The Atlantic hurricane season is upon us, officially starting on June 1 and lasting through November 30. The National Oceanic and Atmospheric Administration (NOAA) has released its official 2022 Atlantic Hurricane Season Outlook. The NOAA predicts yet another above-average year for hurricanes – for the seventh year in a row.

NOAA forecasters at the organization’s Climate Prediction Center believe there is a 65% chance that we will experience a higher-than-average Atlantic hurricane season. There is a 25% chance of a near-normal season and a 10% chance of a season that’s below average.

In regard to the number of storms, the NOAA predicts that there will be 14 to 21 named storms, which are systems with sustained winds of at least 39 miles per hour (mph). Forecasters predict that 6 to 10 of these storms will be hurricanes and 3 to 6 will be major hurricanes. The NOAA considers major hurricanes as those that are classified as category 3 or higher, with sustained winds of at least 111 mph.

The NOAA offers these predictions with 70% confidence.

Atlantic Hurricane Names for 2022

The NOAA also released a list of the tropical storm names to be used in 2022, which are based on procedures established by The World Meteorological Organization (WMO). A list of 21 male and female names is used on a six-year rotation.

In alphabetical order, the 2022 Atlantic hurricane names are:

  • Alex
  • Bonnie
  • Colin
  • Danielle
  • Earl
  • Fiona
  • Gaston
  • Hermine
  • Ian
  • Julia
  • Karl
  • Lisa
  • Martin
  • Nicole
  • Owen
  • Paula
  • Richard
  • Shary
  • Tobias
  • Virginie
  • Walter

Earlier this year, the WMO declared that Ida would be retired from the list of names used for Atlantic hurricanes. A name may be considered for retirement if the storm caused a considerable amount of death and destruction; keeping the name would be considered heartless or insensitive.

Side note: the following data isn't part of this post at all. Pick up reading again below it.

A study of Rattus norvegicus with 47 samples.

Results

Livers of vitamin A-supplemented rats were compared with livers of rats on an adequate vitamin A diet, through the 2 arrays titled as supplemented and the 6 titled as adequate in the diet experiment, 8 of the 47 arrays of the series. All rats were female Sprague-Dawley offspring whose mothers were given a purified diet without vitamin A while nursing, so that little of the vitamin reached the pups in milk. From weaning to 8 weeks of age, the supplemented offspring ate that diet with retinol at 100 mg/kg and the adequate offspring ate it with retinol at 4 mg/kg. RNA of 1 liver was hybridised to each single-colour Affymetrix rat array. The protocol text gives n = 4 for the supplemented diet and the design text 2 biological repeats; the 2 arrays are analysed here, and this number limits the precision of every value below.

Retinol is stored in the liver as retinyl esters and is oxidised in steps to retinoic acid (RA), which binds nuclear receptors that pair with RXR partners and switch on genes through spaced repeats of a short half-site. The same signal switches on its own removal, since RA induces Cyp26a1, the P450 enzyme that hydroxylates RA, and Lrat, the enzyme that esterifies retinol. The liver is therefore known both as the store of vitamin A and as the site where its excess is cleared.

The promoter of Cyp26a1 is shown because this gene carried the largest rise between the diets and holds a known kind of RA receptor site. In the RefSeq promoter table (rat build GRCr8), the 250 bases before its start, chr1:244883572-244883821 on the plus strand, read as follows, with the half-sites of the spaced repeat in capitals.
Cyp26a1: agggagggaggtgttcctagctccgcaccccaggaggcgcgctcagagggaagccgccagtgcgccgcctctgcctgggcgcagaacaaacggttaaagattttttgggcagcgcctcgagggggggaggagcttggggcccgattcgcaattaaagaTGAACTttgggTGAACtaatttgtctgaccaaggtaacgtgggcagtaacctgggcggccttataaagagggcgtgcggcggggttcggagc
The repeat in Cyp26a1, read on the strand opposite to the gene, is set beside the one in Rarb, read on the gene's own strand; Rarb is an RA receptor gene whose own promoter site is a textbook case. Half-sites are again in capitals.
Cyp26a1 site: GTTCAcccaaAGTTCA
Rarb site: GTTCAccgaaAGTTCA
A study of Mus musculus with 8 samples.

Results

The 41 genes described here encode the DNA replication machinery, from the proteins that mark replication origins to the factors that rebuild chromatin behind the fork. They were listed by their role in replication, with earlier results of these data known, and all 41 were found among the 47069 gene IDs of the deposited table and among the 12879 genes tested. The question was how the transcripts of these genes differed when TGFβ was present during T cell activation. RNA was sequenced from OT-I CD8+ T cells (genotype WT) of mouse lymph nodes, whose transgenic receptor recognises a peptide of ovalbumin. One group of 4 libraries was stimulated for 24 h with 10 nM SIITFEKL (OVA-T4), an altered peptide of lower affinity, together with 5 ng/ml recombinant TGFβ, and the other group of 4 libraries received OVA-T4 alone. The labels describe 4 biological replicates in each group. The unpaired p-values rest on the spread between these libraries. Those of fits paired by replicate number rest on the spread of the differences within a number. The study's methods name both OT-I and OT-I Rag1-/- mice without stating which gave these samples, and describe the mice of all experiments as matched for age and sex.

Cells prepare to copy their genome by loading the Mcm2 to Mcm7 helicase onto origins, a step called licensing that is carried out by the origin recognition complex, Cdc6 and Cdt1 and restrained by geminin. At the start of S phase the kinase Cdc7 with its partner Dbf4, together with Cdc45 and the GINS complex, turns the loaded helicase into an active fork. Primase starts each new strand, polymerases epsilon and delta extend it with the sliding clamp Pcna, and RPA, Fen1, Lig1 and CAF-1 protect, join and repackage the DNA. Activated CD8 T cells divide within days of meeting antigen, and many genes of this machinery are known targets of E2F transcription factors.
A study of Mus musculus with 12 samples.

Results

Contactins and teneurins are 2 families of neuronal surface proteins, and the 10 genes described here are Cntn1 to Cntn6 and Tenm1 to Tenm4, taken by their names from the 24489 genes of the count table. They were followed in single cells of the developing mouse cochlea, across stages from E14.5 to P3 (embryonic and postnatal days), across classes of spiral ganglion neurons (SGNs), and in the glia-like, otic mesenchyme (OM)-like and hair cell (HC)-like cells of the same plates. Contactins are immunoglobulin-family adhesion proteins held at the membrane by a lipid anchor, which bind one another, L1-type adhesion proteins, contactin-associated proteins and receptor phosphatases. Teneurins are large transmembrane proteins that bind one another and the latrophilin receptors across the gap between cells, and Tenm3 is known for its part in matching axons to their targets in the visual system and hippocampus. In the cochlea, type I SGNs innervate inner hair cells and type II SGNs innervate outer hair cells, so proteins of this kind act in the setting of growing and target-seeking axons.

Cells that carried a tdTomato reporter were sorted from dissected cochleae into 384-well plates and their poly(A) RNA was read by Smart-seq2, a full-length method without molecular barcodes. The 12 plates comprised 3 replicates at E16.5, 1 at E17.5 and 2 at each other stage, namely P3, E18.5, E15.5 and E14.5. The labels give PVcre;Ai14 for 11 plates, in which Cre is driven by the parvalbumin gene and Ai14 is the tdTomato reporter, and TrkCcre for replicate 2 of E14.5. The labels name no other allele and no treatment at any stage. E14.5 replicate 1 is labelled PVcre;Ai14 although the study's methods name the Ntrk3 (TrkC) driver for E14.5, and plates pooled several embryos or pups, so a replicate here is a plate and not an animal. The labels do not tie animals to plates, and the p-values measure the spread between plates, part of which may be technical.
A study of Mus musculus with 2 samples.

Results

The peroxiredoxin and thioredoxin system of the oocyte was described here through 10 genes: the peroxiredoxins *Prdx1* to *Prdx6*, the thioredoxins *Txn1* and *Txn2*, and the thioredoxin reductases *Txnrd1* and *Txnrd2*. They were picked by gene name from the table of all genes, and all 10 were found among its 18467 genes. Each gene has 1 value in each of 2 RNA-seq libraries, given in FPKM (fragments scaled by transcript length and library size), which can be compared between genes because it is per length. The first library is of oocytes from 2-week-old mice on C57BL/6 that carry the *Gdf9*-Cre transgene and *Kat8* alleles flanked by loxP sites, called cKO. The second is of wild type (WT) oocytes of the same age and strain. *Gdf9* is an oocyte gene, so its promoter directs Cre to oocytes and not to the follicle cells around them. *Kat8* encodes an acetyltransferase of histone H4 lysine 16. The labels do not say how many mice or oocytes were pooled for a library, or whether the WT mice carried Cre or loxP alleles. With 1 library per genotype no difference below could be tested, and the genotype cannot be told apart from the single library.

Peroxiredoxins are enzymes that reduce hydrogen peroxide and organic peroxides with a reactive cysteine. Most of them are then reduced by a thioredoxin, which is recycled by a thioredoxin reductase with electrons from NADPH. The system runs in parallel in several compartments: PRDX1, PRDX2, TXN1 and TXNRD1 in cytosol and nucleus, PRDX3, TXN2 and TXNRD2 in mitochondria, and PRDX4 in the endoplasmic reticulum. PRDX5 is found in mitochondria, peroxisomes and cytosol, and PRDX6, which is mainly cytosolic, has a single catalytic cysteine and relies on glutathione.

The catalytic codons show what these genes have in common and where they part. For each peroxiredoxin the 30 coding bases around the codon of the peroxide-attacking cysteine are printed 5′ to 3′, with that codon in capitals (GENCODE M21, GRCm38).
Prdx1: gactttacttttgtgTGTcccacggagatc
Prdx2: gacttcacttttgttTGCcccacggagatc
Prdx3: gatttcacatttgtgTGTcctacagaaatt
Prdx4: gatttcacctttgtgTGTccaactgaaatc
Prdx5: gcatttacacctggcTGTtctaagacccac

Getting Ready for the 2022 Hurricane Season

The 2022 Atlantic hurricane season doesn’t technically start until June 1, but officials were already monitoring a low-pressure system in the Gulf of Mexico on May 22. The area of low pressure ended up moving inland and did not develop into a tropical storm, although some areas of the southeastern U.S. saw heavy rain as a result. This was, apparently, just a preview of what may come over the next six months.

If you live or work in any area that is affected by hurricanes and tropical storms, you must take the proper steps to protect yourself, your home, and your family. Hurricanes do not solely affect coastal cities; areas as many as 100 miles inland could be affected. You can be prepared by monitoring the weather and heeding hurricane warnings by seeking safe shelter. You should also make sure your property is ready and that your pets are safe too! The CDC has a helpful guide you can read: Preparing for a Hurricane or Other Tropical Storm.

For more information on hurricane preparation from our firm, see the following blogs:

Our Hurricane Insurance Attorneys Are Here to Help

The aftermath of a hurricane can be overwhelming and dealing with the insurance company is yet another headache you’ll have to address. Instead of letting yourself be taken advantage of by a business that’s more interested in collecting premiums than helping after a natural disaster, talk to an attorney about your rights. You deserve to have damage covered to the full extent of your policy limits without having to worry about unreasonable delays or an outright denial without cause.

At Arnold & Itkin, we help individuals, families, and business owners after hurricanes, tornadoes, and other natural disasters deal with insurance companies so they can recover the compensation they need to rebuild. To learn more, call (888) 400-2101 or contact our hurricane insurance lawyers online.